Deductions for depreciating assets – no guarantee that the reasoning in Shell Energy applies

Articles Written by Annemarie Wilmore (Partner)

The ATO has issued its decision impact statement (DIS) about a year after the Full Federal Court decision in Shell Energy Holdings Australia v Commissioner of Taxation [2022] FCAFC 2 (Shell Energy). The Full Federal Court decision is important for those making deductions under s40-80 and s40-25 of the Income Tax Assessment Act 1997 (Cth) (ITAA 1997). It will be of interest to those who are also grappling with the complexities of statutory interpretation in taxation law.

The DIS outlines the areas where the Commissioner of Taxation (Commissioner) will distinguish the application of Shell on the basis of the facts and circumstances of the case. In addition, the Commissioner advises of the matters where his approach to statutory interpretation differs to the reasoning of the Full Federal Court.

In 2012, Shell and Chevron Australia Pty Ltd (Chevron) were both participants, with others, in a petroleum venture known as the Browse Project. The participants in the Browse Project were together the legal holders of an exploration permit and 6 retention licences (Statutory Titles) which gave permission or authority to explore for petroleum.

Shell had purchased an interest in various Statutory Titles from its fellow participant, Chevron, for $2.3b and had claimed deductions under s40-80 and s40-25 of the Income Tax Assessment Act 1997 (Cth) (ITAA 1997) for the cost of acquiring “mining, quarrying or prospecting rights” (MQPR) in the form of the additional proportional interest in the Statutory Titles. Shell argued that it first used those MQPR for exploration or prospecting on acquisition from Chevron. Under the terms of the agreement, once the dealing between Shell and Chevron had been approved and registered under the relevant Petroleum legislation, the agreement was to have retrospective effect from 1 June 2012. Registration and approval occurred in November 2012.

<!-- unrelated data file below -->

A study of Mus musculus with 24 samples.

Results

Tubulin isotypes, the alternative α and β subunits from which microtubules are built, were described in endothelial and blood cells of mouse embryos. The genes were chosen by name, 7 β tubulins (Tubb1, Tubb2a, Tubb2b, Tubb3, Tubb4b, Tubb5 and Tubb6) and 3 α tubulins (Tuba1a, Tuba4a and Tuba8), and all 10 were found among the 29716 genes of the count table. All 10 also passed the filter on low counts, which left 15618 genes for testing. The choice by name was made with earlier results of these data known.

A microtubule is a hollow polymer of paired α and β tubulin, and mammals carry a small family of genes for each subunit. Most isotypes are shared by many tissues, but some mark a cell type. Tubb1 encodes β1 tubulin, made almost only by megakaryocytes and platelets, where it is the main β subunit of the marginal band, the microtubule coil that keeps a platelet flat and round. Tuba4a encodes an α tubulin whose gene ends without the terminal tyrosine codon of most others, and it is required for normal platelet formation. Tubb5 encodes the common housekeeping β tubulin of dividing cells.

In a judgement written by Davies J (Allsop CJ and Thawley J agreeing), the Full Federal Court unanimously allowed the taxpayer's claim for deductions relating to the decline in value of a depreciating asset.

Points of interest arising from the DIS include:

  • In relation to MQPR, whereas the Full Federal Court found that a commensurate proportional interest in the Statutory Titles had been acquired, the Commissioner is of the view that it would be wrong to assume this to be the case prima facie. Whether, and to what extent, a party to a joint venture has an interest in joint venture property, and the nature of any such interest will depend upon the facts and circumstances of each case.
  • As to whether activities conducted by a joint venture were activities of exploration, the Commissioner accepts that it was open to the Full Federal Court to conclude that the terms “explore” and “exploration” had a wider meaning under the relevant Petroleum Acts, and also for the purposes of Div 40 of the ITAA 1997. However, the Commissioner’s position is that having regard to the statutory context and legislative history, a more limited meaning was intended for the purposes of the ITAA 1997 (except for the particular express provisions in s 40-730(4)(a) to (d)).
  • In considering the concept of “first use” for the purposes of s 40-80 as it relates to intangible assets, the Commissioner does not consider “mining, quarrying or prospecting information” is a bundle of rights and will continue to apply their view in TR 2019/4. The Commissioner is of the view that the comments made by Davies J that a “bundle of rights is installed ready for use once held for use” is limited to the particular circumstances of the Shell case,  and accordingly it cannot be assumed that they will apply by analogy to other intangible assets. It will depend upon the nature of the relevant intangible asset, the operation of any relevant legislation and the facts and circumstances of each case.

Key considerations

The DIS signals that the Commissioner’s longstanding position that the meaning of exploration expenditure is to be confined to activities relating to the discovery of the resource, and not more broadly to those activities directed to ascertaining whether the resource is commercially recoverable will continue. Taxpayers with such expenditure should carefully review historical positions in light of the Full Federal Court decision and the Commissioner’s DIS, and their appetite for controversy and formulate an engagement strategy.

For more information please get in touch with Annemarie Wilmore.

Important Disclaimer: The material contained in this article is comment of a general nature only and is not and nor is it intended to be advice on any specific professional matter. In that the effectiveness or accuracy of any professional advice depends upon the particular circumstances of each case, neither the firm nor any individual author accepts any responsibility whatsoever for any acts or omissions resulting from reliance upon the content of any articles. Before acting on the basis of any material contained in this publication, we recommend that you consult your professional adviser. Liability limited by a scheme approved under Professional Standards Legislation (Australia-wide except in Tasmania).